The people and motivation behind this site.
microBuilder was set up to help people learn the basics of what we like to call 'micro-manufacturing'. While manufacturing electronic devices might have involved an expensive and time consuming process in the past, the reality is that today you can realistically produce commercial quality electronic devices yourself without having to remortgage your home in the process.
We try to provide articles and videos on the entire design and manufacturing process, including embedded software and hardware development, how to choose (and use) the various tools and equipment you'll need to go from idea to prototype to small-scale production, and all the other messy little details that are an essential part of making stuff.
Who is this site for?
Our main motivation is the belief that electronics is not only an interesting and exciting field, but an area that provides interesting possibilities for economic development and self-sufficiency. While building stuff is fun in and of itself, building stuff that creates new opportunities and puts food on the table is more interesting still! If we can help be a small part of that than the time, effort and resources we put into creating and maintaining this site are well worth it.
That focus on developing an "end-product" and building opportunities for financial self-sufficiency means that our target audience for this site isn't so much electronics hobbyists (though if that's you you're certainly welcome and we hope you find some useful information here), but rather people who are interested in learning how to develop and manufacture a clearly defined product that can be manufactured on a small scale and a (probably VERY!) small budget. The type of content we produce, and the tools we use, will obviously be affected by that more specific focus.
Like everyone we love free stuff and are big supporters of the idea of open-source software and hardware (we make some ourselves!), but we do still use some commercial tools and software products simply because a little bit of money can sometimes go a long way in terms of productivity. You could say that our focus on the bottom line and getting things done in the most cost-effective but productive way possible makes us open-source idealists, but not open-source purists. We try to save pennies everywhere possible, but sometimes spending a couple hundred dollars in the short term can save you hundreds of hours of work in the long term. Hobbyists who just want to have fun building something probably won't attach a value to the amount of time and frustration involved in getting something working, but when developing actual commercial products time and effort have a different meaning that will be reflected in the choice of tools you use.
You can see this 'bias' toward product development in the fact that we tend to focus on ARM microcontrollers rather than the more hobbyist friendly 'Arduino'. This is due to the fact that most manufacturers of ARM MCUs have chips for every budget and requirement, and you have a lot more freedom to only pay for what you need in terms of SRAM, flash storage and performance. It's also a platform that can grow with you in complexity as your requirements evolve (high-resolution graphic LCDs, external memory controllers, ethernet, performance measured in hundreds of MHz, etc.), and is a more natural architecture to focus on for commercial development. We love Arduino and are excited to see anything that makes electronics fun and easy, but the reality is that it's probably the wrong choice of tools for certain commercial projects (unless they have other electronics hobbyists as a target audience).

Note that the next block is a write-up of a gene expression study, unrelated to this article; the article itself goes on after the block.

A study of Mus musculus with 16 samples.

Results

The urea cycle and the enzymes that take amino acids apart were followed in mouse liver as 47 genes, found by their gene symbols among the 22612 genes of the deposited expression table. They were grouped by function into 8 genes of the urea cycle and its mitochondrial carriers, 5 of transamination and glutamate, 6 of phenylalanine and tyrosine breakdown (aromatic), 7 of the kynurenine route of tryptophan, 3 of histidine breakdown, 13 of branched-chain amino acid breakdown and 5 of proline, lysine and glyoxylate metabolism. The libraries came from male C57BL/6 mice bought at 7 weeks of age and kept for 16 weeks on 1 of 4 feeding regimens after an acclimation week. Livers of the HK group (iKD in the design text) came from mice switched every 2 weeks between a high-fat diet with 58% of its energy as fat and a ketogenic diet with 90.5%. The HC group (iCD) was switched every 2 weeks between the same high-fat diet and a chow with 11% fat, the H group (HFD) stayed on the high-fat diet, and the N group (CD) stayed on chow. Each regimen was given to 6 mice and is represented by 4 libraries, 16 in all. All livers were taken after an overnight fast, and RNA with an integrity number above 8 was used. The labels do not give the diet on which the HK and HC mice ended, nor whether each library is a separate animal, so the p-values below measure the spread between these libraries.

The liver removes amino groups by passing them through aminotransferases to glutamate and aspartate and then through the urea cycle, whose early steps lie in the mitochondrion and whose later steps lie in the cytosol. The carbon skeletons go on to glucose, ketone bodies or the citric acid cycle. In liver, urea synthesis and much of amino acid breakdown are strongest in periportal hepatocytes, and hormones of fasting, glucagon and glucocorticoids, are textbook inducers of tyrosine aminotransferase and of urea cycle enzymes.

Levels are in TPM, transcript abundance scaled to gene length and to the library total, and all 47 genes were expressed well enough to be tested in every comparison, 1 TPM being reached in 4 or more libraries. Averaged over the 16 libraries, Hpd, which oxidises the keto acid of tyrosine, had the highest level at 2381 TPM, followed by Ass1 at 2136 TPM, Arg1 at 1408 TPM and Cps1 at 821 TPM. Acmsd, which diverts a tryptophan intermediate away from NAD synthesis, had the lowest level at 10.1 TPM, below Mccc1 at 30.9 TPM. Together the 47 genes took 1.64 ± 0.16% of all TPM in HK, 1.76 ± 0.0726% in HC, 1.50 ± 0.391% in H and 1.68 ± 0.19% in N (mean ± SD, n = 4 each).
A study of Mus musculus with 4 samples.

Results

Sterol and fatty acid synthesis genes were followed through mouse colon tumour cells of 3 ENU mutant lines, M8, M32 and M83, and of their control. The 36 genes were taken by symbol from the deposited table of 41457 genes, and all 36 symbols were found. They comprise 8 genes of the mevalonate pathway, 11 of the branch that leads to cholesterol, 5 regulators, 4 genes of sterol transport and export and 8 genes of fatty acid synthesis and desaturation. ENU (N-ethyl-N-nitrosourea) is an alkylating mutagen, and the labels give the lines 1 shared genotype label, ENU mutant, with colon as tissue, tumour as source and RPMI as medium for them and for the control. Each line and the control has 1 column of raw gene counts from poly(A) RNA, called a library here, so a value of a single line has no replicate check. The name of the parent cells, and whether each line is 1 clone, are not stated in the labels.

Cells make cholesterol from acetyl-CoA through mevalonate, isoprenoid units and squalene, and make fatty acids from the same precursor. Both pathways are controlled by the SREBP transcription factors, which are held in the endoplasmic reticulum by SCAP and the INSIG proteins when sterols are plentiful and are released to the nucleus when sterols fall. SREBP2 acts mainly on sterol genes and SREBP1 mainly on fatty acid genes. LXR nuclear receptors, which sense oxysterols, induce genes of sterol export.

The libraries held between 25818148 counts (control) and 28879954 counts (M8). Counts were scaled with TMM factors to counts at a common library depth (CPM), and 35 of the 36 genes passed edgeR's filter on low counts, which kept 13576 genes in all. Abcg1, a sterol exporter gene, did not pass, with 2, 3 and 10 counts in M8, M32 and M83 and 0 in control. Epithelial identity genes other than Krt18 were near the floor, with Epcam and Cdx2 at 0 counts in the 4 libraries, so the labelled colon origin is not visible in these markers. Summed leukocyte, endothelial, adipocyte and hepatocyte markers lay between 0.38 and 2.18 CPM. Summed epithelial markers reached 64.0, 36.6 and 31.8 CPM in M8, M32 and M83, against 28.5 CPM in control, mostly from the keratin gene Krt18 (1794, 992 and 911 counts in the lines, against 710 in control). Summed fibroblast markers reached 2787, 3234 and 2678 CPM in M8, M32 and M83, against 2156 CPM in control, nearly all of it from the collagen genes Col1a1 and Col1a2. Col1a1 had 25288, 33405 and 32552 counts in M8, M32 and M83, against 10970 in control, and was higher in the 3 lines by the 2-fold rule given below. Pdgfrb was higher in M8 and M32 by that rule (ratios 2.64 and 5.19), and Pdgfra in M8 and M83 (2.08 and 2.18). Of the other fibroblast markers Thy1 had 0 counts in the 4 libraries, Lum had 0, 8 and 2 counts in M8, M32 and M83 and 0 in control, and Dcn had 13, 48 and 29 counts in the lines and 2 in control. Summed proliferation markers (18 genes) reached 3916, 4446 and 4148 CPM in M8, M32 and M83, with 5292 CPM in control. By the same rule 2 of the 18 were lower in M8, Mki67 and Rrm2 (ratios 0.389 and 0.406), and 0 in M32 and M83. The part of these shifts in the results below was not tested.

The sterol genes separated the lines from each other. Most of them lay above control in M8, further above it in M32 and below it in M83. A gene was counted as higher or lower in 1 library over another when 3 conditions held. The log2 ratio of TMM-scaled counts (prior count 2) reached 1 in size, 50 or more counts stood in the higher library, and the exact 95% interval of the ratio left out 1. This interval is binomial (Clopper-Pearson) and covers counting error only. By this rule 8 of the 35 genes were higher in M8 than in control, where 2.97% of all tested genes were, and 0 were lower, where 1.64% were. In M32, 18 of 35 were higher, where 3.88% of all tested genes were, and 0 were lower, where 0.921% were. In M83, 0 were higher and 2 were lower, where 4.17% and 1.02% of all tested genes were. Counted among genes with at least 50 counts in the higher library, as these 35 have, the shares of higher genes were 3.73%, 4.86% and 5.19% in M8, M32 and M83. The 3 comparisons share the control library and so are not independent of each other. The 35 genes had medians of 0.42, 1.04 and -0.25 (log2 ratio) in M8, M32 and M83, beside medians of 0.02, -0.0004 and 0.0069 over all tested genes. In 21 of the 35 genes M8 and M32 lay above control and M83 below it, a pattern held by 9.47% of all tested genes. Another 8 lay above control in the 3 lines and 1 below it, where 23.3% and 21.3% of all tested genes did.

In a few words, though, if you're struggling (like us) with some of the many problems involved in designing, prototyping, sourcing, assembling, and marketing an actual product, this site is made for you! It's a much longer and bumpier road than most people realise when they get started, and while we're happy to share what we've learned (to give back a bit of what many people freely gave us over the years), we're also hoping to continue to learn from the experience and expertise of other people like you. We try to dismantle (or at least warn you about) some of the obstacles you'll come across moving from an initial concept to an actual product manufactured on a small scale (and a small budget), but our biggest hope is that we'll all benefit from the experiences and collective knowledge of other people navigating that same bumpy road!
Alright ... What's the catch? Who's paying for this, then?
The main goal of this site is simply to help people learn how to get things done from an initial concept through to having a final working product in their hands ... and maybe have a bit of fun doing it. We don't charge anything for the content we produce, and we certainly don't plan on starting any time soon. Not surprisingly, though, there are numerous expenses involved in producing these articles and video tutorials (materials used, tools abused, etc.), as well as keeping all of this content up and running on the web (servers and bandwidth).
To keep all of the content free, and more importantly to keep adding new content, we've decided to provide a cherry-picked selection of tools and components that you are likely to use when prototyping your hardware and ideas, and to offer pre-assembled versions of some of the "open-hardware" we have in the works. Our thinking is that if you find this site useful, you might consider purchasing something from our store to help us pay for server maintenance and all the various expenses that go into maintaining this site.
You're certainly free to shop elsewhere, but if you do find the tutorials and information we provide useful, a great way to say thanks is to pick something up from the store. That said, we'd be just as happy if you drop us a line as well!